Dancing What You Can’t See
Written as a requirement to meet the Typographic Languages unit of MA Design Writing Criticism at The London College of Communication
Dancing What You Can’t See
I think subject-wise it was a beautiful attempt to capture design as a language system and as a framework. It takes this sort of obscure subject and looks at it from a design standpoint. The voice was balanced with research and perspective from actual practitioners and history and all these other elements. – Maria Popova
It was a pretty rigorous effort to nail down something ephemeral and imperfect and this was a good implication of those difficulties. This is a character of writing in which the writer is also a participant or a practitioner and that is foundational for the quality of the piece. – Michael Sorkin
The idea of finding design systems or design thinking in unexpected or overlooked places. – Tom Vanderbilt
In this piece, I really appreciated this confluence of this author’s previous experiences all coming together (and current experience) as: audience member, performer, a designer and a design writer all finding their place in this one essay in a delicate way. We weren’t beaten over the head with the fact that the author had experience in these fields but that translated into authority of voice and a curiosity as well. The research was good – she’s done the legwork. – Alice Twemlow
Dancing What You Can’t See
This essay explores the current function and potential of dance notation systems. As complex systems of documenting ballet, most dance notation is unreadable, even to the professional ballerinas who perform the parts. The essay aims to investigate several questions: What is the function of documentation if it is unreadable within its target community? Why doesn’t a universal notation system exist? How does notation impact ballet’s strong oral tradition? Finally, how can notation, in its current state, serve a useful purpose? The piece bridges an academic tone with personal anecdote. It employs footnotes and images to convey notation’s nuance and complexity.2. The Brief: Summarize the commission you were given (or gave yourself). What was the context for this piece of writing, and what was the challenge posed to you? Where and when was it published? What is the approximate circulation of this publication? Who is the audience?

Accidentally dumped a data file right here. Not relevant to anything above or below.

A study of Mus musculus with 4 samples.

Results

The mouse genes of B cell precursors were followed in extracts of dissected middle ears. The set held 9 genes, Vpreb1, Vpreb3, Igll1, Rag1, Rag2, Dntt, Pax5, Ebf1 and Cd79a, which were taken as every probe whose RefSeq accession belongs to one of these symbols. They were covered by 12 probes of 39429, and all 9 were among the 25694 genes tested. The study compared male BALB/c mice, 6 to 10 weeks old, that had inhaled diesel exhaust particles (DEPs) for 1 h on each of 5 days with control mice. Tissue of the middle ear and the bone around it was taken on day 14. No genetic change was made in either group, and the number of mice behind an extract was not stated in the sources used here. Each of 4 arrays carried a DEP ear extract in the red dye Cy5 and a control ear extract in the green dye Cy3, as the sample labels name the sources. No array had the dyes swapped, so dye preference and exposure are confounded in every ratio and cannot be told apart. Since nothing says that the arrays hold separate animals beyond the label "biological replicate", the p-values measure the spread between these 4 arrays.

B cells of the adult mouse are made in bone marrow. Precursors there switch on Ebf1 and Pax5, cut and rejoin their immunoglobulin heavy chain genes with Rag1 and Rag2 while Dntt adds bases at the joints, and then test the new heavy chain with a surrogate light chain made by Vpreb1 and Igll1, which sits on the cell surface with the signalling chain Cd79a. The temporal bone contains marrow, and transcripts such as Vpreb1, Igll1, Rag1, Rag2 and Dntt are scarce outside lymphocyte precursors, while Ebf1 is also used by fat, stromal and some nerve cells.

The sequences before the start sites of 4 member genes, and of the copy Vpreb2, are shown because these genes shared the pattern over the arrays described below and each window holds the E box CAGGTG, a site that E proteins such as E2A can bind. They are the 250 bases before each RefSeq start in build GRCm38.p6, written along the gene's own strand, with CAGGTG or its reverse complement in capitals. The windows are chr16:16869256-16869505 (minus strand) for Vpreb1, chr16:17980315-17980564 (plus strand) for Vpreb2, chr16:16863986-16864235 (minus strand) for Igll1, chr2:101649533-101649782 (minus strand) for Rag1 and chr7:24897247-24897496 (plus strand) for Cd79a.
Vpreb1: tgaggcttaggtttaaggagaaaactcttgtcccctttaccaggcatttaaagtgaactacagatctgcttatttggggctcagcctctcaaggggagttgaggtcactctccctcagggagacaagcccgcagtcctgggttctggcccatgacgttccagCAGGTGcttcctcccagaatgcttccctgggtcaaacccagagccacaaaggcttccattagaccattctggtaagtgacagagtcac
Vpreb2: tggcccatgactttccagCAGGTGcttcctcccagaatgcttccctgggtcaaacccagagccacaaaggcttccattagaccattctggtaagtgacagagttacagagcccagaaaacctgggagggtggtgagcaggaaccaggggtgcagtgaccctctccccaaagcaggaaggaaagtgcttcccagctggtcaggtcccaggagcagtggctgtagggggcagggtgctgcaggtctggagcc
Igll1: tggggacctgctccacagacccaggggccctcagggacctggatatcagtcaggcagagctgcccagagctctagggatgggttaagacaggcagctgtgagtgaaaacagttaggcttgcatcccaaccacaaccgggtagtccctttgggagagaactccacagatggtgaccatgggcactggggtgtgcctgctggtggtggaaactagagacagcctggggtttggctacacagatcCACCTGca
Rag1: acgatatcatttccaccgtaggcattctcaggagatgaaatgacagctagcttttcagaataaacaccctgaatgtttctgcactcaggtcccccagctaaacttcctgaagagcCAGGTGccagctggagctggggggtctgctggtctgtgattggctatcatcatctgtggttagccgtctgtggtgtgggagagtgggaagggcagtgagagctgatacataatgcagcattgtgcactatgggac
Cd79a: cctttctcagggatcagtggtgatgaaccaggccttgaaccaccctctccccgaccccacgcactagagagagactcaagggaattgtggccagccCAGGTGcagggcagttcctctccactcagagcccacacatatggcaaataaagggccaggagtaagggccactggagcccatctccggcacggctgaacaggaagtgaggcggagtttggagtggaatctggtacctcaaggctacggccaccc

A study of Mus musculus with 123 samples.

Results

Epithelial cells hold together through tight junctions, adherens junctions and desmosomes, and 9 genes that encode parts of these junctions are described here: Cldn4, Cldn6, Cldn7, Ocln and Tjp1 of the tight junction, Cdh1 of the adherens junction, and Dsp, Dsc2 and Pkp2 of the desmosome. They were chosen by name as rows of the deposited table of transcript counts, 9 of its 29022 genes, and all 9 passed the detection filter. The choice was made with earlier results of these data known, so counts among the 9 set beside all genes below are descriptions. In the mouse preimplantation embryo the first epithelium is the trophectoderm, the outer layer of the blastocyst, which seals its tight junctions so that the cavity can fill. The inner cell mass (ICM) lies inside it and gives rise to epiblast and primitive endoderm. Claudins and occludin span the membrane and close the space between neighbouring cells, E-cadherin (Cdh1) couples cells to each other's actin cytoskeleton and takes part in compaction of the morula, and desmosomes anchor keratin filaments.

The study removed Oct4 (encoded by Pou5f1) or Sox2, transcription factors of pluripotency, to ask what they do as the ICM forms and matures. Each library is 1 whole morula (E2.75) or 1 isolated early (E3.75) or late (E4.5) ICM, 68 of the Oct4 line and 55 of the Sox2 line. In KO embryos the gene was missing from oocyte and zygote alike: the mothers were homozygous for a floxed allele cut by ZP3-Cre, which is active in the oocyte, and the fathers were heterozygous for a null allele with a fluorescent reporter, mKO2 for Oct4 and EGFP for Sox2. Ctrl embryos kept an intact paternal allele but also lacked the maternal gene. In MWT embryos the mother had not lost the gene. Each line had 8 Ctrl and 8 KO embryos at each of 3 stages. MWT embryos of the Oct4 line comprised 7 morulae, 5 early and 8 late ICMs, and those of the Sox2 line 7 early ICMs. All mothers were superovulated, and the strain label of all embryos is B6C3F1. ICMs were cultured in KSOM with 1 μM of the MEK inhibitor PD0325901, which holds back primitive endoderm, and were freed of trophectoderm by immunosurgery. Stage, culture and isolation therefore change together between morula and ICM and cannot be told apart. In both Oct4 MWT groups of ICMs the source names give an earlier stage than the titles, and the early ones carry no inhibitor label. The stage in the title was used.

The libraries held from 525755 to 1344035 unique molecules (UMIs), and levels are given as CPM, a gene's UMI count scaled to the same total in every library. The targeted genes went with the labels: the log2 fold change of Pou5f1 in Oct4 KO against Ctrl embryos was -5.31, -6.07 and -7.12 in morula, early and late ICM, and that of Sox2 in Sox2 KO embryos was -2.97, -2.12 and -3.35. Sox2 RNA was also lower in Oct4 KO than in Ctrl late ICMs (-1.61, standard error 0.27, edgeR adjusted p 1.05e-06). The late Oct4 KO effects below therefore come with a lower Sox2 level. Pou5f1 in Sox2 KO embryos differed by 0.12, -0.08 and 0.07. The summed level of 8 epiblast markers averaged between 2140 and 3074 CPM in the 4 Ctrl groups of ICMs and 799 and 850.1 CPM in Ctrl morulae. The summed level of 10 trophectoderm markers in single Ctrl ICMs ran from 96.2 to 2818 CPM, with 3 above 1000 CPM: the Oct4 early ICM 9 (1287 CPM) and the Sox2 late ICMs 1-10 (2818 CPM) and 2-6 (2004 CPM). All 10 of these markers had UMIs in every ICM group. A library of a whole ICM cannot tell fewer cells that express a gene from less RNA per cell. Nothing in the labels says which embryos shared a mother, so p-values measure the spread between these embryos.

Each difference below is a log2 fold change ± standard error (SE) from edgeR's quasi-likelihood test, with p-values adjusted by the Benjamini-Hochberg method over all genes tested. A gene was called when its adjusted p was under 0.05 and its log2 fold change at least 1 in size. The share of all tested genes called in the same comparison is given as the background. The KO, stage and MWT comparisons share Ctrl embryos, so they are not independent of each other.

This piece was written for the Type and Visual Languages unit of MA Design Writing Criticism at the London College of Communication. Tutors asked students to “critique a visual language within the broader design and informational environments.” We were asked to question how typographic languages are used to communicate messages, and to critique the historical tradition of typography in relation to its content. Additionally, I faced an extra challenge: comprehending a written language I had never seen before. The piece was submitted to course tutors in March 2011. It targets the academic audiences within ballet and design.3. The Intent: What point of view did you bring to the piece? What did you hope would happen as a result of your piece?
As a former ballet dancer, I was interested in engaging with a language I felt I should have learned in my training. I was able to integrate my background in ballet with my positioning as a design writer to critically examine the problems and potential of this typographic language. By spending time at the Benesh Institute archives at the Royal Academy of Dance, learning the notation and integrating design theory, I hoped to identify and tackle a series of problems that were not being addressed within the artform.4. The Process: Describe the rigor that informed your piece of writing. (Research process, sources, reporting, fact checking etc., as applicable.)
Since its inception centuries ago, classical ballet has remained in existence thanks to its oral tradition. Dancers learn their parts through movement, which is taught by teachers who learned those parts the same way years prior. And because so much of this unspoken artform is actually spoken (rather than written for teaching purposes), there is surprisingly little in the way of academic writing within the discipline. Therefore my research was anchored in researching visual artifacts — dance notation, orchestral scores, performance film and the Royal Ballet’s live rehearsals. Additionally, I interviewed Benesh Dance Institute Director Liz Cunliffe, who helped me mentally unlock these complicated dance scores. I also made visual diagrams to decode notational language; For example, I matched anecdotes from a Royal Ballet rehearsal of Giselle, with the same part in film stills and two versions of dance notation. In another instance, I compared Shakespeare’s lines from Romeo and Juliet’s balcony scene, with the same point in the Prokofiev orchestral score and in dance notation for the ballet. From a visual and design perspective, Barthes’ Image-Music-Text played a key role in grounding my arguments as well as Ellen Lupton’s essay “Reading Isotype.”5. The Value: How does your piece of writing earn its keep in the world?
Although it has not been formally published, “Dancing What You Can’t See” earns its keep by illuminating fundamental problems in the preservation of an artform. Further, the essay suggests that although dance notation systems are flawed, there are benefits to their current iterations. However, the essay ultimately argues on behalf of dancers and critics for the implementation of a universal dance notation system to prevent centuries-old ballets from becoming lost in oral translations and complex written documentation. Because academic writing within ballet is in relatively short supply, this piece’s positioning and reliance on primary sources helps add to the discipline’s limited-but-growing academic presence.